Subaru chases growth by adding more trims

Subaru chases growth by adding more trims

The Ascent Onyx features dark-toned trim and black 20-inch wheels.

Subaru of America has added a trim level to its largest vehicle — the three-row Ascent Onyx — as the Japanese automaker expands its strategy to appeal to new customers while retaining brand loyalists with blacked-out versions and other packages aimed squarely at adventurers.

The Japanese automaker’s tactic mimics that of one of its chief rivals in the U.S., Jeep, which carved out niches with appearance and performance trims such as the TrailHawk and Overland.

“So much of our growth has been keyed in on conquest in general,” explained Jeff Walters, head of sales for Subaru of America. “We’re always looking for ways to appeal to new buyers.”

Like the Outback Onyx, the Ascent Onyx features dark-toned exterior trim, including blacked-out badges and black 20-inch wheels. Based on its Premium line, the Onyx adds reverse gear automatic braking, a heated steering wheel and a hands-free power liftgate.

The Ascent Onyx follows on the heels of the spring introduction of the Outback Wilderness, a beefed-up, off-road-centric version of the two-row crossover that comes with a more-robust suspension, under-vehicle protection and a roof rack that can accommodate a rooftop tent and two people. Subaru has also launched Sport trims of its Forester and Crosstrek crossovers to appeal to younger buyers.

A survey this year by Naked Lime, a marketing company owned by Reynolds and Reynolds, found Subaru had the seventh-best customer loyalty rate in the industry at 49 percent. Six brands were above 50 percent loyalty in the annual survey, with Toyota topping all others as the only automotive brand to break 60 percent customer retention, followed by Ferrari, Lamborghini, Lexus, Honda and Ram.

Even brands with high retention rates have to find ways to keep consumers interested, curious and engaged when there aren’t new nameplates to do so. That’s one reason there are 14 models of the Jeep Wrangler and six different trim levels of the Toyota Tacoma.

“The challenge we have, just like any other brand, is to keep it fresh, keep it attractive, find ways to appeal to different groups of people — like a group of people that might be a little bit more in tune with the styling enhancements on an Onyx edition,” Walters explained. The brand introduced Onyx trim and appearance packages with the 2020 Outback, and Walters said the blacked-out look “has done well for us. It’s a decent part of our sales mix and we do find that it does bring in a different customer.”

Adding trim levels can add to manufacturing complexity, said Doug Betts, president of the automotive division at J.D. Power and a former quality executive with several automakers.

“If a car has three trim levels with maybe 100 different configurations possible, and you add a different trim level, you’re adding another 100 different configurations” to the plant, Betts explained. “It just makes it more complicated, but automakers are set up to deal with a certain amount of complexity already.”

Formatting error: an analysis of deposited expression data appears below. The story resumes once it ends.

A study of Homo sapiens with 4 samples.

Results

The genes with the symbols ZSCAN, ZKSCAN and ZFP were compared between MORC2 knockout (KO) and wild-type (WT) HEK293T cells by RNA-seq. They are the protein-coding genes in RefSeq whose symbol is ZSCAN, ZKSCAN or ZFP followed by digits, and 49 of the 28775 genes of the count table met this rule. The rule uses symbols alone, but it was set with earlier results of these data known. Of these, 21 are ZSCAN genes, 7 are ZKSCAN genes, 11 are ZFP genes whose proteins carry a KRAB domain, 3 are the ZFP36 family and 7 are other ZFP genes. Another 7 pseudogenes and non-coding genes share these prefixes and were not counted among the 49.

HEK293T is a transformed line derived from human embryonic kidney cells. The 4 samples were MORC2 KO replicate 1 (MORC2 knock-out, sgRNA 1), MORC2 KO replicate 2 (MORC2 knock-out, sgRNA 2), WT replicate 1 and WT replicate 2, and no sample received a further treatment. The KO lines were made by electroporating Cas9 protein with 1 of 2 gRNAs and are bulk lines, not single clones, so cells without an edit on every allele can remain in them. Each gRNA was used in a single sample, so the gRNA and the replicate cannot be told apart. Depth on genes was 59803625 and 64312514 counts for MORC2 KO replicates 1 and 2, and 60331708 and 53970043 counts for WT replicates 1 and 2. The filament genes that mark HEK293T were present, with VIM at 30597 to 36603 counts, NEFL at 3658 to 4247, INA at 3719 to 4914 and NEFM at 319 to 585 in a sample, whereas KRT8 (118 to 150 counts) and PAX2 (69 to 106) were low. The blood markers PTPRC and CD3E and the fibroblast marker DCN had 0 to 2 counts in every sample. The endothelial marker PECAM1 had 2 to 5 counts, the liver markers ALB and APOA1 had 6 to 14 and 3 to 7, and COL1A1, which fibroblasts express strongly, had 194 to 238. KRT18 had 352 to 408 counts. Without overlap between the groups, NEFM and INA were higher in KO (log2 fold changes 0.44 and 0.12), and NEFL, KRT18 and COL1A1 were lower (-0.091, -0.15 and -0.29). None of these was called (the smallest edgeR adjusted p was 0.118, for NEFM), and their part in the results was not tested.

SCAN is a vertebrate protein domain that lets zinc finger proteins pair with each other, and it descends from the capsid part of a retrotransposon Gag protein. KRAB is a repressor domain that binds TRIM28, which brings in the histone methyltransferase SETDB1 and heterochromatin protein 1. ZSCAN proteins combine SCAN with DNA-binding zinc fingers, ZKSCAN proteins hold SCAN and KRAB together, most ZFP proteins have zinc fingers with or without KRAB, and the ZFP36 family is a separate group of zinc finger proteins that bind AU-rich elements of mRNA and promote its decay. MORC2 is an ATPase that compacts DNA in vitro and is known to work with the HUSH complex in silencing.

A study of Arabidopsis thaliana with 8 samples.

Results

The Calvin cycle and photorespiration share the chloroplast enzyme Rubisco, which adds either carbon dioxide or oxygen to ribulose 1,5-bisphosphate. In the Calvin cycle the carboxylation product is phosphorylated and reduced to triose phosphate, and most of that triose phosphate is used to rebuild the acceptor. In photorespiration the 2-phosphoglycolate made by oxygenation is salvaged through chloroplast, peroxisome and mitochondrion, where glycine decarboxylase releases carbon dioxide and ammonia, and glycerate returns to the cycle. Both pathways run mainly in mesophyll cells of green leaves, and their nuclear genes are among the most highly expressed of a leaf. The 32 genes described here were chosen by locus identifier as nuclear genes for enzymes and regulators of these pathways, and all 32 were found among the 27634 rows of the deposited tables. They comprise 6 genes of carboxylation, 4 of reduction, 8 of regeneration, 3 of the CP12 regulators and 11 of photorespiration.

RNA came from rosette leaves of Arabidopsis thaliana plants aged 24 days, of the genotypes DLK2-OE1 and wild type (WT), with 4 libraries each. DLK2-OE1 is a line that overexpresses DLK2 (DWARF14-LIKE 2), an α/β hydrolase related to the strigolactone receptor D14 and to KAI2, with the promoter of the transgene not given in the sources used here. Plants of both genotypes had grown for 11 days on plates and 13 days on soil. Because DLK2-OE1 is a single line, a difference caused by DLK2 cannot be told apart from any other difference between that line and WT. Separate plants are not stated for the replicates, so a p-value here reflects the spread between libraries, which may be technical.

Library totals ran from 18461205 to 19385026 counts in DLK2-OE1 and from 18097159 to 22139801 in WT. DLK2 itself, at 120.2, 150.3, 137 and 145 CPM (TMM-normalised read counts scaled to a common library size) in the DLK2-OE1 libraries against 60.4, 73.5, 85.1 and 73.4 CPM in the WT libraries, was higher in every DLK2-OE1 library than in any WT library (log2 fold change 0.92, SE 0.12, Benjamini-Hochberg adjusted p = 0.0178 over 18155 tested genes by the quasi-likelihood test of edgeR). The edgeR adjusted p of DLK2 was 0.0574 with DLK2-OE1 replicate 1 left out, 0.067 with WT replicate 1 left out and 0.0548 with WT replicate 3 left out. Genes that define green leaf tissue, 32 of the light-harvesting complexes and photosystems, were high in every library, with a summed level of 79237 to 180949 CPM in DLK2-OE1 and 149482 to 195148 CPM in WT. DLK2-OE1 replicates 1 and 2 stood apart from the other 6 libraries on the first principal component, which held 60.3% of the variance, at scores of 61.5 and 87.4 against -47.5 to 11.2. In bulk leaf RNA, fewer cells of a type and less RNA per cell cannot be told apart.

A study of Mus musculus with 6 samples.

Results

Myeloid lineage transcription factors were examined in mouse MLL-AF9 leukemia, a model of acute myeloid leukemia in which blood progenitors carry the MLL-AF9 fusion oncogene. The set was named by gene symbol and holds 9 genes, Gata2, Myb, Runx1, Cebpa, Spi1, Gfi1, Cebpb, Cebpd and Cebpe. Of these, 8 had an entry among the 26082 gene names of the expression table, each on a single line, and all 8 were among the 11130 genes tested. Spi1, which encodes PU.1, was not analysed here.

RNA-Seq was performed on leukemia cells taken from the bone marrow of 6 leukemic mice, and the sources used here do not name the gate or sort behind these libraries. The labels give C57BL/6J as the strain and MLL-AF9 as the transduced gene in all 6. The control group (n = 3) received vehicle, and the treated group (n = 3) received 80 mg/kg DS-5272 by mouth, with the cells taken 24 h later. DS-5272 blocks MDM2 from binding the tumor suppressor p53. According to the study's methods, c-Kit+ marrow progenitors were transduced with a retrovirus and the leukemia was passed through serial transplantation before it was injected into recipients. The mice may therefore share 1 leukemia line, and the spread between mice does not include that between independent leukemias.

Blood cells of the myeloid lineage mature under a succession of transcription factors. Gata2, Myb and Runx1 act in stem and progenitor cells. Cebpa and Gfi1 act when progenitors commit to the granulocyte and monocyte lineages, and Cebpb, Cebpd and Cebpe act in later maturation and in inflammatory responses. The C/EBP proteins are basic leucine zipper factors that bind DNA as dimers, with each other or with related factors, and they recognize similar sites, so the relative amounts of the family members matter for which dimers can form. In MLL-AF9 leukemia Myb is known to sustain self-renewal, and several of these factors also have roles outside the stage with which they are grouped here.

Walters said automakers always struggle to find a proper balance, not only with manufacturing complexity but also on the marketing and retail side.

“If you’re looking at models within a car line or option packages within a car line, and it gets to be pretty low volume, at that point, it starts being counterbalanced with [the] need to be efficient and work with simplicity,” Walters said. “You can’t send out so many different variations that you have very little hope that the right car is going to be in the right place to get that right customer.”

Despite the manufacturing challenges, Walters said Subaru is likely to expand further. He said the Wilderness package launched this spring on the Outback is likely to spread to other models.

“That’s not just a trim level for a car line, but what we would anticipate and what we want to do is really look at Wilderness as a subbrand for Subaru, something that we can build upon and that we think is a terrific fit for our brand and what we’re all about,” Walters said.

The Ascent, which debuted in the 2019 model year, will become key to keeping young Subaru customers in the brand as their families grow, he said. The three-row “filled what was a doughnut hole in our lineup. We would do really well with people before they got going with their families, and at the tail end as their adult children were leaving the household. But that was an area where we were losing our customers for that period in their lives, and then they were coming back.”

In its first full year on sale in the U.S. in 2019, Subaru sold 81,958 Ascents. But sales took a hit during the pandemic, dropping 17 percent in 2020 to 67,623. Ascent sales are down 8.4 percent through the first five months of 2021 to 23,181 as the automaker deals with microchip shortages and other supply chain problems.

“I look at that as a segment that’s going to become increasingly important to Subaru,” Walters said of the large three-row crossover.

“It’s a little hard to kind of gauge results and performance over the last year and a half just because everything’s so crazy, but when we get back to just normal chaos, that’s a segment that I would anticipate will continue to perform well.”